No-pact better than a bad agreement: Jaishankar

External affairs minister S Jaishankar on Thursday defended India’s decision not to sign the Regional Comprehensive Economic Partnership (RCEP) saying it was based on "clear-eyed calculation" of the costs of entering into a new arrangement – that a no-pact was better than a "bad agreement."

India had pulled out of the China-backed mega trade pact RCEP over unresolved "core concerns", with Prime Minister Narendra Modi saying in Bangkok the proposed deal would have an adverse impact on the lives and livelihoods of all Indians.
Faced with an extended economic downturn amidst an ongoing trade war with the United States, its biggest trading partner, China is increasingly looking at alternative outlets for its surging industrial output.  
Jaishanker’s comments come as Prime Minister Narendra Modi and Chinese President Xi Jinping met on the sidelines of the BRICS summit in Brazilian capital, Brasilia, to discuss bilateral issues. 
The external affairs minister was delivering the fourth Ramnath Goenka memorial lecture in New Delhi.
Jaishankar said India negotiated till the very end and then, knowing what was on offer, it took a call.
"And it was that no agreement at this time was better than a bad agreement. It is also important to recognise what the RCEP decision is not. It is not about stepping back from the 'Act East' policy, which in any case is deeply rooted in distant and contemporary history," he said.
"Our cooperation spans so many domains that this one decision does not really undermine the basics. Even in trade, India already has FTAs (free trade agreements) with 12 of the 15 RCEP partners. Nor is there really a connection with our Indo-Pacific approach, as that goes well beyond the RCEP membership," Jaishankar said.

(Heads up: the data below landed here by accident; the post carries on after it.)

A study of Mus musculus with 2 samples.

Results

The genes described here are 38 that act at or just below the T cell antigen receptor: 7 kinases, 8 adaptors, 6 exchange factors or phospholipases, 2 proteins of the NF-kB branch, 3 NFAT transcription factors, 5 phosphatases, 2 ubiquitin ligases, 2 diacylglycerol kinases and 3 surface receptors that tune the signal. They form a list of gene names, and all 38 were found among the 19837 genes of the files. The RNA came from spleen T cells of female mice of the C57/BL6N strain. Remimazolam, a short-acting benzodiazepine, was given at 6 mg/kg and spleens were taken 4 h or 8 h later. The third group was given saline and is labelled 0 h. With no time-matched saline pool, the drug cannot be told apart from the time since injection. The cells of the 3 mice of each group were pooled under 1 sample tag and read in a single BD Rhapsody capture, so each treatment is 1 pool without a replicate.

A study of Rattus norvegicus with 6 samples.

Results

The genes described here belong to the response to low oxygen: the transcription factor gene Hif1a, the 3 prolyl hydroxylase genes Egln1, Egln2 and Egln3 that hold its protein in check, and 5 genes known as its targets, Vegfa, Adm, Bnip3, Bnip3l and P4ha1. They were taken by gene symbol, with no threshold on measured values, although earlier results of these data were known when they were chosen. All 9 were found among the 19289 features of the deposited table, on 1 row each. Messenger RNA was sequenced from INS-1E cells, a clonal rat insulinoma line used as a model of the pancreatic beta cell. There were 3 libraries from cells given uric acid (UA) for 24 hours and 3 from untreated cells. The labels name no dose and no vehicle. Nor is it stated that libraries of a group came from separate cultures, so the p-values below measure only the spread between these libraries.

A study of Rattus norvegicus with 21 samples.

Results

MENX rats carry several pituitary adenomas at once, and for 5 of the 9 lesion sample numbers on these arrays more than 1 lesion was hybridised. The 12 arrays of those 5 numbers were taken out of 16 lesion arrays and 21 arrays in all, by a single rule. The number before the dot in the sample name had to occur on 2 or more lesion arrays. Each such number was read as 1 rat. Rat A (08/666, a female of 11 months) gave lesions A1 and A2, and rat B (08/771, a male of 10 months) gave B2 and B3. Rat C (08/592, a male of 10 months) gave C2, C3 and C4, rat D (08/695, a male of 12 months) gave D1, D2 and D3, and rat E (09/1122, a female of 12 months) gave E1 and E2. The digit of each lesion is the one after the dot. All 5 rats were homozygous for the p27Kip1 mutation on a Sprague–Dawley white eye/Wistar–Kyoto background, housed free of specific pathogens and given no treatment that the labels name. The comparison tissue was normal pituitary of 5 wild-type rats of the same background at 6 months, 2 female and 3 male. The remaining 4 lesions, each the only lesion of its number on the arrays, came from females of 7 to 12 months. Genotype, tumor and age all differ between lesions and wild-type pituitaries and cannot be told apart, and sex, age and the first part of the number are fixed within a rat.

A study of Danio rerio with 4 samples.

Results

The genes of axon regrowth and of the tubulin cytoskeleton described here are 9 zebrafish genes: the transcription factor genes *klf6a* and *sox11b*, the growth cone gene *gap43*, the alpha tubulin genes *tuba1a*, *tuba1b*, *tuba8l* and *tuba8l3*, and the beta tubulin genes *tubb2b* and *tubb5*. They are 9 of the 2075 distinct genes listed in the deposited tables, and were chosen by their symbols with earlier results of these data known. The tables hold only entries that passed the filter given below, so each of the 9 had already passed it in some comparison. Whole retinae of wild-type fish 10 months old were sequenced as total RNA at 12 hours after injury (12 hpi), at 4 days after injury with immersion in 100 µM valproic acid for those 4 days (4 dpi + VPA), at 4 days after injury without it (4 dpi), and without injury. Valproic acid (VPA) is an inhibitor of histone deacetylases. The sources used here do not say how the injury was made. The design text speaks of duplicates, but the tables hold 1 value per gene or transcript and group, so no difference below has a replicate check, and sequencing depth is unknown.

There can be a legitimate debate on the merits of joining RCEP or any other FTA for that matter, but it should not be confused for grand strategy, he said.
"The recent debate about the RCEP offers lessons in foreign policy as much as in the trade domain. On the one hand, we should not go back to the old dogmas of economic autarky and import substitution. But at the same time, embracing the new dogma of globalisation without a cost-benefit analysis is equally dangerous," he said. "What we saw in Bangkok was a clear-eyed calculation of the gains and costs of entering a new arrangement."
The RCEP negotiations were launched by ASEAN leaders and six other countries during the 21st ASEAN Summit in Phnom Penh in November 2012. The objective of launching the negotiations was to achieve a modern, comprehensive, high-quality, and mutually beneficial economic partnership agreement among the ASEAN member states and its FTA partners.
During their meeting in Brasilia, both Prime Minister Narendra Modi and Chinese President Xi Jinping agreed on the importance of maintaining close dialogue on matters relating to trade and investment. President Xi thanked PM for India's substantial participation in the just concluded China Import Export Expo in Shanghai. The two leaders agreed that the new High Level Mechanism on Trade and Economy should meet at an early date.
The leaders reviewed preparations for celebrating the 70th anniversary of establishment of diplomatic relations between the two countries next year. They agreed that this will enhance people-to-people relations.
The leaders noted that the Special Representatives will have another meeting on matters relating to the Boundry Question and reiterated the importance of maintaining peace and security in the border areas.
The leaders also exchanged views on multilateral issues including WTO, BRICS and RCEP.